The 3 Big Lies People Pleasers Believe

Michael Scott, the boss of Dunder Mifflin’s Scranton branch on The Office, said it best, “Do I need to be liked? Absolutely not. I like to be liked. I enjoy being liked. I have to be liked. But it’s not like this compulsive need to be liked, like my need to be praised.”

And even though we laugh, we’re very much the same. You and I, we have to be liked too…we’re people-pleasers.

How people-pleasing shows up in our right-now life

Just like Michael Scott, we hate admitting that we want people to like us, but the truth shows up in our lives.

We don’t want to disappoint others so we say “yes” to most requests. In time, this makes us feel overcommitted, unappreciated, angry, and tired.

We want our family to be happy all the time so we work hard to balance all the moods and needs. In time, this makes us feel exhausted, sad when our work goes unnoticed, and insecure that it might not be enough.

We want to be liked so we flatter people, fail to never confront hurtful behavior, and replay hard conversations in our heads. In time, this makes us feel anxious, unworthy and ungrounded.

People-pleasing isn’t good for us, but before we can move on from this mindset, we must first acknowledge the lies we’re living under.

What lies people-pleasing tells us

Just like Michael Scott’s misguided (hilarious) management decisions, our actions are based on what we assume is true while we look through our faulty filters. Here are three lies that people-pleasing tells us:

1. Outcomes are dependent on us.

We all get countless requests to help like Sunday School teachers needed! Or we’re short on chaperones for the field trip! These are real needs, but we often shoulder responsibility that isn’t ours. We believe that we are the only solution to the problem at hand.

2. The happiness of others is our responsibility.

All of us want the people we love to be happy and feel loved. While it’s good to think of others, it’s not good to make an idol out of our children, spouses, or friends. We believe that if people aren’t happy, it’s our responsibility to make things right.

3. Our security is found in how much we’re liked.

All of us want to feel safe, and we believe that safety is found in how many friends we have. To feel safe, we won’t risk offending anyone so we deny our needs, bend over backwards to help, and avoid confrontation.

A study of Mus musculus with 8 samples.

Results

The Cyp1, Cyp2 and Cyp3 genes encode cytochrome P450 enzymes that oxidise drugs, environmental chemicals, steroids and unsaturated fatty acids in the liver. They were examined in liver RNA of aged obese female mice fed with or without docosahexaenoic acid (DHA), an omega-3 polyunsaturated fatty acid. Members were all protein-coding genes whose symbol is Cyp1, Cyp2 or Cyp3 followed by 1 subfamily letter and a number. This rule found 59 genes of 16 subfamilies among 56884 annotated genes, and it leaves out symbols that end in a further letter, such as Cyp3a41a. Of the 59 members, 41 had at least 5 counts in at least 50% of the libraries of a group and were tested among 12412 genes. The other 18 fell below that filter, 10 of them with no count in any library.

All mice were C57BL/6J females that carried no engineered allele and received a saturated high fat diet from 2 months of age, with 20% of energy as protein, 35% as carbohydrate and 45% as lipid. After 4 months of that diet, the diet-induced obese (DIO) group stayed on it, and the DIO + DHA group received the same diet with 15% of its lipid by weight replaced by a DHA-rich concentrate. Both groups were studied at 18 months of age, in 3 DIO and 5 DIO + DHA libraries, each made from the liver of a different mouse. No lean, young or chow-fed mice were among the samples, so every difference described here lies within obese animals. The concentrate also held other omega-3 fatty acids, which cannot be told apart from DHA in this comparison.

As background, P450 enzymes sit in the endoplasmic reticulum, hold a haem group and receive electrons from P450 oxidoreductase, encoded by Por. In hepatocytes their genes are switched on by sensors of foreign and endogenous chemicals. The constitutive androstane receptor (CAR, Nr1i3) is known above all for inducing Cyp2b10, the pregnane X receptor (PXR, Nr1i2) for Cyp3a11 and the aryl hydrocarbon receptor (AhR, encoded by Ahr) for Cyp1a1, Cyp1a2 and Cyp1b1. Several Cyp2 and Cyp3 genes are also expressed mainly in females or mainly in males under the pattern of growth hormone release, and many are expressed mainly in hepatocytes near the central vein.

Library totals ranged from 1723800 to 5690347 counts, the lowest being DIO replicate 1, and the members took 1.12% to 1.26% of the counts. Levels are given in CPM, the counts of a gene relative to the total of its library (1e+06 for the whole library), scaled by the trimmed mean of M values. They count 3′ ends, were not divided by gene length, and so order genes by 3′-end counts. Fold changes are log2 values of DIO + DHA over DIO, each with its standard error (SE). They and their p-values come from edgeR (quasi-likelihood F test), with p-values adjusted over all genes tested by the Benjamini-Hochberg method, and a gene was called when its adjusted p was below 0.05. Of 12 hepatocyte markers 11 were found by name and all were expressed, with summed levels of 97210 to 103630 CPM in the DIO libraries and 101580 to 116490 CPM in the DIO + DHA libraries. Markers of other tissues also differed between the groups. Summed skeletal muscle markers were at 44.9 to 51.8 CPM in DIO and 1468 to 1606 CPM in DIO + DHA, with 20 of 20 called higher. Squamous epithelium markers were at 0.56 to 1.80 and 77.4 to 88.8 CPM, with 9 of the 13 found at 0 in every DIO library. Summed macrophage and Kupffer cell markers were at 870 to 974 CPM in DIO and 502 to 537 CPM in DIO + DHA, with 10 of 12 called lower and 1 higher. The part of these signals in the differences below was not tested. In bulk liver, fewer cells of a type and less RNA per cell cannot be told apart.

Now that we’ve peeled back these lies, what do we do right now? Where does a try-hard girl go from here?

How God shows up in our right-now life

God is always compassionate toward us when we’re oppressed by the lies of people-pleasing.

He sees us struggle with the weight of trying to keep it all together, and because it’s too much for us to carry, He takes the weight and hides us under His wing. When we’re wrapped up in His love, nothing can touch us.

Only God is sovereign over all, so we don’t have to try to control others through pleasing them. Only God holds all things together, so we don’t have to keep others happy. Only God’s love is unconditional so we don’t have to prove ourselves worthy of anyone.

Our problem, try-hard girls, is that we know this is true, but we don’t act like we believe it. So how do we give up the people-pleasing in light of the truth we know?


What God does to move us away from people-pleasing

Here are some practical tips on how to partner with Him.

Confess. Repent from worshiping the idol of people-pleasing, and then, accept the forgiveness God gives.

Ask God to teach you how to fear Him. God wants to teach you His ways. Ask Him to help you see Himself, yourself, and others rightly.

Fight against your people-pleasing default. Taking our thoughts captive is incredibly difficult, so begin thinking through questions like these:

• Why do I want to say “yes” to this request?
• Just because it makes my people happy, is it a good choice for us right now?
• Is what I’m saying truthful or flattery?

Read the truth to replace the lies. Meditate on God’s Word, and ask Him how He wants you to apply it.

Remember that you’re a work in progress. God knows this, and He’ll continue the good work He began in you until it’s finished (Philippians 1:6). His grace is sufficient in the weakness of your relapses, so be kind and compassionate to yourself as you move away from people-pleasing.

Michael Scott makes me laugh out loud, and he nailed our people-pleasing tendencies on the head when he said, “I have to be liked.” But friends, God shows us this isn’t true—His love and grace are sufficient. He has compassion for the burden we carry, and God alone is able to deliver us from our hurt.

This is a piece adapted from Used with permission.